The death of Alton Sterling in July 2016 sparked protests across the US.
Mr Sterling, 37, was shot outside a convenience store where he was selling homemade CDs.
The department's decision was not publicly announced but was reported by media including The New York Times and The Washington Post.
It does not preclude state authorities from conducting their own investigation and pursuing their own criminal charges against the two officers, Blane Salamoni and Howie Lake II.
Dozens of people gathered at a vigil on Tuesday night outside the store where Mr Sterling was killed, with people joining hands and praying.
"It's been almost a year and we're still suffering like it was yesterday," the victim's aunt, Sandra Sterling, said in a tearful speech to the crowd.
"We need closure. We need conviction. We need justice."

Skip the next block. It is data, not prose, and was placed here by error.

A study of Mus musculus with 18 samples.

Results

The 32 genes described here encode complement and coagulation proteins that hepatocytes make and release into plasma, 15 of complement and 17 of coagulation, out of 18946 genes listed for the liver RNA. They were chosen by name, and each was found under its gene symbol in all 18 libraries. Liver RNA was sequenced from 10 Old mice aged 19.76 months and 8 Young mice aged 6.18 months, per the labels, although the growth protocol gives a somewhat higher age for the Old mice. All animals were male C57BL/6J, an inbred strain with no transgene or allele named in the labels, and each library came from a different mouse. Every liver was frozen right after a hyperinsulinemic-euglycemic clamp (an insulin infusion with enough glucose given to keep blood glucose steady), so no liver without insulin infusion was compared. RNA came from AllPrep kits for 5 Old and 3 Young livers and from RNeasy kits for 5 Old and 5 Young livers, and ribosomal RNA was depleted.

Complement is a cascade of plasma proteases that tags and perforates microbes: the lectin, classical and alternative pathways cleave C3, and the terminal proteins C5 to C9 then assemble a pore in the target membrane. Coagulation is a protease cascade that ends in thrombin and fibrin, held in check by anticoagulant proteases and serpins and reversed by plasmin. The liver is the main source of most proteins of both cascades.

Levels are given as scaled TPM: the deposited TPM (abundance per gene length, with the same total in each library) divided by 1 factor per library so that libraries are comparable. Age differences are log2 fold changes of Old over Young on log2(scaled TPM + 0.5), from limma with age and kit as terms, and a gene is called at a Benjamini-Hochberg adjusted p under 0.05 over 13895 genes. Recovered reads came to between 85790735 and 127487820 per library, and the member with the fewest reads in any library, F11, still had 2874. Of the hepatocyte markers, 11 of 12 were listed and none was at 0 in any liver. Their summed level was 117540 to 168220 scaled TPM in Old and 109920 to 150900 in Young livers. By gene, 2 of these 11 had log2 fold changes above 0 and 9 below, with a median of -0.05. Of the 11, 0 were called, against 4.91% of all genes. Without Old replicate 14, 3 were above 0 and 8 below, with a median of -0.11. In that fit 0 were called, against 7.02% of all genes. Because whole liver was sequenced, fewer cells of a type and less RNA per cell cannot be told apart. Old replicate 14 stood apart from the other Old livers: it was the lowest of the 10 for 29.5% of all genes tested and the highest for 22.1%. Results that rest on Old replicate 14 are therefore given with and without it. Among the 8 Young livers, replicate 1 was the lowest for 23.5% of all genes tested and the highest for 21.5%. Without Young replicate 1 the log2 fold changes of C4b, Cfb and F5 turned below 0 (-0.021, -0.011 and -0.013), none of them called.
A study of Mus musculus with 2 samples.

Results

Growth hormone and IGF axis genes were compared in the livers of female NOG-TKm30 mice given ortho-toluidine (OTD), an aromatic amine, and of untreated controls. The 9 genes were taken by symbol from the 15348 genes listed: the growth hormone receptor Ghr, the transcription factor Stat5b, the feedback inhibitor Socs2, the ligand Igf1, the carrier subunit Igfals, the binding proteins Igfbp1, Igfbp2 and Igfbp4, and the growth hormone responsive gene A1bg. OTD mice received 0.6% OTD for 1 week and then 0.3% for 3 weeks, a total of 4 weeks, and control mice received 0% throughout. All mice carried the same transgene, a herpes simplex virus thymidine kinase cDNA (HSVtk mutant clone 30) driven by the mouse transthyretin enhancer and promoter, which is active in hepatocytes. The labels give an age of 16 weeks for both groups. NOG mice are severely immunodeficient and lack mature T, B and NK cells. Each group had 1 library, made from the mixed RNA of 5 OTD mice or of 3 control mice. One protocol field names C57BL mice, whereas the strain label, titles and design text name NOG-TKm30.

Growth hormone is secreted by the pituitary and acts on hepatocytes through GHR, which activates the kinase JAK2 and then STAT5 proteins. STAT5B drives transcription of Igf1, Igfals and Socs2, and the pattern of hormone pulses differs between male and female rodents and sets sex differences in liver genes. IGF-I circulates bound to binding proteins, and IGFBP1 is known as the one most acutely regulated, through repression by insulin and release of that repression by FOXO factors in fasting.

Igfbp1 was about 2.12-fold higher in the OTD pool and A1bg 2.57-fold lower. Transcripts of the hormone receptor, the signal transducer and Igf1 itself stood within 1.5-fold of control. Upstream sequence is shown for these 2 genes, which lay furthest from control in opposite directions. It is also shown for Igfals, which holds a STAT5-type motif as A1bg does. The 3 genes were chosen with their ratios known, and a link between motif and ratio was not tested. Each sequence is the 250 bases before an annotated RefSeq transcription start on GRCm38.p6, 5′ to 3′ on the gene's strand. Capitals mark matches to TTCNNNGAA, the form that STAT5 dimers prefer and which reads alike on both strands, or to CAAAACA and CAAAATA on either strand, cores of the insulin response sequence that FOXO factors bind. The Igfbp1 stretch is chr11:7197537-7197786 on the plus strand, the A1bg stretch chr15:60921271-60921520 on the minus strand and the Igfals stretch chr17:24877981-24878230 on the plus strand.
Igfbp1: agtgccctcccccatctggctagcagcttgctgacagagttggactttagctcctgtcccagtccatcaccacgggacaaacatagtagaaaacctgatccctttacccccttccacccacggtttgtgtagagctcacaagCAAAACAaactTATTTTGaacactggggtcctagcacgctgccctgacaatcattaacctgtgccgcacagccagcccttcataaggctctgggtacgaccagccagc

Videos showed Mr Sterling pinned to the ground as he struggled with the two officers after they responded to a claim that he had threatened someone with a gun outside the convenience store.
Gunfire erupted moments after someone yelled, "He's got a gun!"
According to a police report, Mr Sterling refused to put his hands on the bonnet of a car and was initially jolted with a stun gun.
The report also says the officers saw the butt of a gun in Mr Sterling's pocket and saw him try to reach for it before he was shot.
Protests escalated a day after the Louisiana shooting when a Minnesota police officer fatally shot another black man at a traffic stop, and his girlfriend streamed the video on social media.
Nearly 200 people were arrested in the protests that followed Mr Sterling's death.
The decision not to press charges is set to focus attention on new US Attorney General Jeff Sessions and his approach to civil rights after a series of deadly encounters have stoked the debate over policing and minorities.
Mr Sessions has said the Justice Department is committed to holding individual officers accountable when they break the law.
But he also believes too much federal scrutiny of police departments can diminish officers' effectiveness and hurt morale.